Face it. After 24 consecutive successful missions in space, the situation had reached the point where "routine," was the most commonly used adjective when talking about America's space shuttle program.
But that was B.C. Before Challenger.In the 27 months since Challenger exploded into a giant fireball just 73 seconds into flight, "routine" has been missing from the vocabulary of Morton Thiokol and NASA officials involved with the arduous task of redesigning the shuttle's booster rockets.
Until it crept back in Wednesday.
"That was a routine one," cracked U. Edwin Garrison, president of Morton Thiokol's Aerospace Group, immediately after a seemingly successful test firing of the company's redesigned booster Wednesday.
Moments earlier, Garrison's actions suggested the test was anything but routine as he repeatedly checked his wristwatch during the 120-second event.
"It's a long time," Garrison remarked to another company official. "That's got to be the longest two minutes in the world."
Of course, labeling the test routine calls for making a subjective judgment anyway.
By recent standards, considering that problems with ground support systems and computer glitches forced countdowns of two previous tests to be aborted and rescheduled for later dates, Wednesday's test came off virtually without a hitch.
But while the booster hardware, which featured a purposely flawed center field joint, appeared to perform as planned Wednesday, Mother Nature still managed to give everyone involved with the redesign program plenty to think about.
Forecasts of rain late Tuesday afternoon threatened to jeopardize Wednesday's firing and forced Morton Thiokol and NASA officials to reschedule the test for two hours earlier to 11 a.m. in order to take advantage of a predicted window in the weather.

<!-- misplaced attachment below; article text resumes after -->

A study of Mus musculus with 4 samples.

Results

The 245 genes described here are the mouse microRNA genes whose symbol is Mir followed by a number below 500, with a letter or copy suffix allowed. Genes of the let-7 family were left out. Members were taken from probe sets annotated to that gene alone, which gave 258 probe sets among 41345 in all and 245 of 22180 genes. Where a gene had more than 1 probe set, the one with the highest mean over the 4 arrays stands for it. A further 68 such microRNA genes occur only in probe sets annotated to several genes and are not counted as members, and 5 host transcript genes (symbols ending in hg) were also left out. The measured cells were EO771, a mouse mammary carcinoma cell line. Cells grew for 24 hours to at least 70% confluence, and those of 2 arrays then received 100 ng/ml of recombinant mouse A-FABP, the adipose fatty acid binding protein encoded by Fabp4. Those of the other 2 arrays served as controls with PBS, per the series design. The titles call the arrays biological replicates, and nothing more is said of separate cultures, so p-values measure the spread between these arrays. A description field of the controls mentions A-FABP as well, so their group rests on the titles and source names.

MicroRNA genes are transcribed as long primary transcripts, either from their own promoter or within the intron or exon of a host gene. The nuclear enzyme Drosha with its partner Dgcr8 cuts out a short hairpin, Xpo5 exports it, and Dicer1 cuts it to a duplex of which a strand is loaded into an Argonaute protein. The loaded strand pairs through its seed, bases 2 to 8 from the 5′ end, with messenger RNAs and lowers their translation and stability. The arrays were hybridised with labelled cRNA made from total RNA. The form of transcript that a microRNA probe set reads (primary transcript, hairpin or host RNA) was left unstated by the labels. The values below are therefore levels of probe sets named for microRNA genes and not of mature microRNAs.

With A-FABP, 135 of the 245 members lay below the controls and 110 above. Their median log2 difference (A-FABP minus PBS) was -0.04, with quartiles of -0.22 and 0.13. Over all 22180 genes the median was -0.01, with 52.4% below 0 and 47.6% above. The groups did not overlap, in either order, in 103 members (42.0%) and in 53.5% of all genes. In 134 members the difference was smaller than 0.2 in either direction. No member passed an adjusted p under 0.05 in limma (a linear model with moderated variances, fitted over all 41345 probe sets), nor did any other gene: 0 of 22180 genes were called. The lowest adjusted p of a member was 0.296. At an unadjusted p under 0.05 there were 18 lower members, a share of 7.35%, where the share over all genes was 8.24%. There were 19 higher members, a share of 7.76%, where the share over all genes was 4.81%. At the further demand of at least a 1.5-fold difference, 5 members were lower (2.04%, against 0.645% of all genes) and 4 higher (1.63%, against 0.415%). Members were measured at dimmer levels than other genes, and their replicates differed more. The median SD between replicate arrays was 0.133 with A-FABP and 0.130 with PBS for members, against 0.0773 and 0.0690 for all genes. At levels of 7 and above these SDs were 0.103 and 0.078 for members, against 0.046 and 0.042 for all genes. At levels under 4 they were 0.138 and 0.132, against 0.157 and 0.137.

Throughout Wednesday morning, Garrison and others were still sweating the possibility that rain might cause the test to exceed Environmental Protection Agency guidelines for fallout. However, at T-minus 30 minutes, word came from the EPA that precipitation wouldn't be a problem and the test could proceed. The countdown never skip a beat.
Inside the fenced viewing area and along the highway that fronts the remote desert test site, 25 miles west of Brigham City, nearly 2,000 people clapped and cheered as the giant booster, nearly 10,000 feet away, issued a spectacular 500-foot-long flame from its nozzle along the barren hillside. The display sent grayish-brown smoke several thousand feet into the overcast sky.
The two-minute burn also seemed to ease much of the apprehension that has dogged the redesign program since a similar test two days before Christmas revealed a faulty nozzle component and sent engineers scurrying back to their Hewlett Packards amid national headlines.
J.R. Thompson, director of
NASA's Marshall Space Flight Center in Huntsville, Ala., said it would be 24 hours before the first hands-on examination of the booster starts and it could take up to a week before results of the test can be fully evaluated.
But during a post-test debriefing, Royce Mitchell, solid rocket motor project manager at the Marshall Space Flight Center, said a cursory inspection of the booster suggests everything went as planned including the purposely flawed joint.
Mitchell said flaws incorporated Wednesday were much worse than anything likely to occur during rocket manufacture and assembly. Even worse flaws are scheduled to be introduced in the two remaining full-scale tests before Discovery can be certified for flight.
"We want to demonstrate that the rocket is tolerant of flaws," Mitchell said. "It's a method of showing our secondary features will do the job if called upon."
Mitchell also said he's anxious to get a first-hand look at the outer boot ring of the booster's nozzle assembly the component that failed during December's test.
Allan McDonald, Morton Thiokol vice president of engineering, said the booster's pressure readings suggests the propellant burned as it was designed to and that stresses and strains on the motor were within expected tolerances.
McDonald also used the "R" word as he described the preliminary results of Wednesday's test.
"It was just a routine test," he said.
So America's manned spaceflight program reached another critical crossroads Wednesday.
But this time there were no detours.